Get Answers to Your Commonly Asked Questions About Catastrophic Injury Lawsuits in California
If you have suffered a serious injury in which you are permanently in pain, or have suffered long-term pain and loss of the function of a limb or organ, you have been involved in a catastrophic injury. If someone else was negligent and their negligence led to your injury, then you might have a personal injury case. Keep reading to get answers to commonly asked questions about these cases and then contact Law Offices of Fernando D. Vargas at 909-982-0707 if you would like to request a free legal consultation.
What Types of Injuries Can Be Considered a Catastrophic Injuries?
Common examples include spinal cord injuries, traumatic brain injuries, paralysis, chronic lung damage, an injury that causes blindness or deafness, severe burns, injuries that require amputation of a limb, and any brain injury that causes permanent impairment, mood imbalances, or physical disability.
Who Can Be Held Liable in a Catastrophic Injury Case?
According to California law, there can be more than one person liable for an injury. Of course, the negligent person can be held liable, but so can others. Depending on the case, this list might include their employer, their parent company, their insurer, and others. For example, if you were injured in a car accident and the at-fault party was working at the time of the accident, then their employer could be held liable in addition to the party who was directly involved.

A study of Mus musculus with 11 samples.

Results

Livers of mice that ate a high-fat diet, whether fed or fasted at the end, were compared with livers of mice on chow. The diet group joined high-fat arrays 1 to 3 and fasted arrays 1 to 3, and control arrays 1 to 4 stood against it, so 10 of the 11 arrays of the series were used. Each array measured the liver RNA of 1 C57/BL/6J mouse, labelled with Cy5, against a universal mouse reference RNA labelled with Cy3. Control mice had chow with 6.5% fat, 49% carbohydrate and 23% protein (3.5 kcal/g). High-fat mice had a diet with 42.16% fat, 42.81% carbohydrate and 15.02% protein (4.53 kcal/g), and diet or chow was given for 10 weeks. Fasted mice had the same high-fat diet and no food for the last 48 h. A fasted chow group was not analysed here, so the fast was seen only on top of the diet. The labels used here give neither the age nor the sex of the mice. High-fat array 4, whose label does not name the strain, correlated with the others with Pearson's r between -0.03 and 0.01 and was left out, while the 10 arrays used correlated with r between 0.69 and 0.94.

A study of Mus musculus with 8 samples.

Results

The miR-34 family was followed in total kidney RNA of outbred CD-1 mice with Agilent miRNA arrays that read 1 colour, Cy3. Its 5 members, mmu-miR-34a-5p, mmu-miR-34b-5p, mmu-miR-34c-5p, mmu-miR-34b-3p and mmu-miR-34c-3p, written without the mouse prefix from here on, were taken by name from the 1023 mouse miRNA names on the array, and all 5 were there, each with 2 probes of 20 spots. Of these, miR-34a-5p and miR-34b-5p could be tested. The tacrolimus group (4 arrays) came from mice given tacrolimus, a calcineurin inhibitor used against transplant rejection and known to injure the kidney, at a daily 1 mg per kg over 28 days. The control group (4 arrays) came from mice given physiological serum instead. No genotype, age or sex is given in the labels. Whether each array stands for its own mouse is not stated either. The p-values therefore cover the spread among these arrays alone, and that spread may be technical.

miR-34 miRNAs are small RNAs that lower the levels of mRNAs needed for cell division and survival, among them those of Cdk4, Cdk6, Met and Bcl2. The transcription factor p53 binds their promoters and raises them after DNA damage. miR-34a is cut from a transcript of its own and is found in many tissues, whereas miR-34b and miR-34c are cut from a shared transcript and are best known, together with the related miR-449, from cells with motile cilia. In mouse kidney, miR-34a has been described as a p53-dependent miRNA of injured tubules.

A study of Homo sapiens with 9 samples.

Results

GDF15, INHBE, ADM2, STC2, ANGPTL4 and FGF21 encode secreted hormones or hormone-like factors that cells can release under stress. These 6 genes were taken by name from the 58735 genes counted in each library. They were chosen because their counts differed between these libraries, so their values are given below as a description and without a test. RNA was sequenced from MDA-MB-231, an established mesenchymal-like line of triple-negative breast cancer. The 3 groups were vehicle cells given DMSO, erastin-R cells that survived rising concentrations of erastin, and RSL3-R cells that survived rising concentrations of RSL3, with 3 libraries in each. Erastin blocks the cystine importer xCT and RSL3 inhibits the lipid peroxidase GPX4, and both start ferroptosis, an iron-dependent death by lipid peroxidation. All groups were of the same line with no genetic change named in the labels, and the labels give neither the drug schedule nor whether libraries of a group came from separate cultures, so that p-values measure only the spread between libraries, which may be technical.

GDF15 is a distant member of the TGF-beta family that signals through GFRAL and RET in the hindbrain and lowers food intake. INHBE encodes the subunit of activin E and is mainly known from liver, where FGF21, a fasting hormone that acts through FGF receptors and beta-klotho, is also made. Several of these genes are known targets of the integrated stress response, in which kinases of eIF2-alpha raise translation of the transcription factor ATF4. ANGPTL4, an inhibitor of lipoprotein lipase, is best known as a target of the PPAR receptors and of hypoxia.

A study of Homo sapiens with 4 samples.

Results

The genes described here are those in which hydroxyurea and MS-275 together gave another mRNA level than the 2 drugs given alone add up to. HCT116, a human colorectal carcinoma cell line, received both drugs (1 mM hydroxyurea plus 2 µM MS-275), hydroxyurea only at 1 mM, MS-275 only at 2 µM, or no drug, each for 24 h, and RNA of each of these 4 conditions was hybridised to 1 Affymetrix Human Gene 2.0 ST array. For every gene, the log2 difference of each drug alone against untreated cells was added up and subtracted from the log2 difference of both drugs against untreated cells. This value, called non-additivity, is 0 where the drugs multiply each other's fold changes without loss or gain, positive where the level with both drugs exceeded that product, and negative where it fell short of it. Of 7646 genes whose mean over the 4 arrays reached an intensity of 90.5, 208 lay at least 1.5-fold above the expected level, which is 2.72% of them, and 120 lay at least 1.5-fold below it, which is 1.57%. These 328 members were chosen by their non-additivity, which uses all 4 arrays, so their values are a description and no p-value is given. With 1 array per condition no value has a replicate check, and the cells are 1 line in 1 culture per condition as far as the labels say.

Can I Still File a Lawsuit if I Was Partially at Fault?
Yes. California is a comparative fault state, which means that an injured party is entitled to pursue recovery of the percentage of their damages for which another person was responsible. This is true even if you were more than 50% at fault. The percentage of fault for any given accident will either be determined by a jury or negotiated as part of a settlement.
Is There a Time Limit That Affects How Long I Have to File a Personal Injury Lawsuit?
Yes. In most cases, you will have two years. In some specific situations, you might have longer or shorter. For example, if the at-fault party is a government entity, then you only have six months to file a claim. On the other hand, if you do not discover your injury for months after your accident, then the statute of limitations might be extended by the same number of months.
If you are ready to request a free legal consultation and learn about your legal options, contact Law Offices of Fernando D. Vargas at 909-982-0707 right away.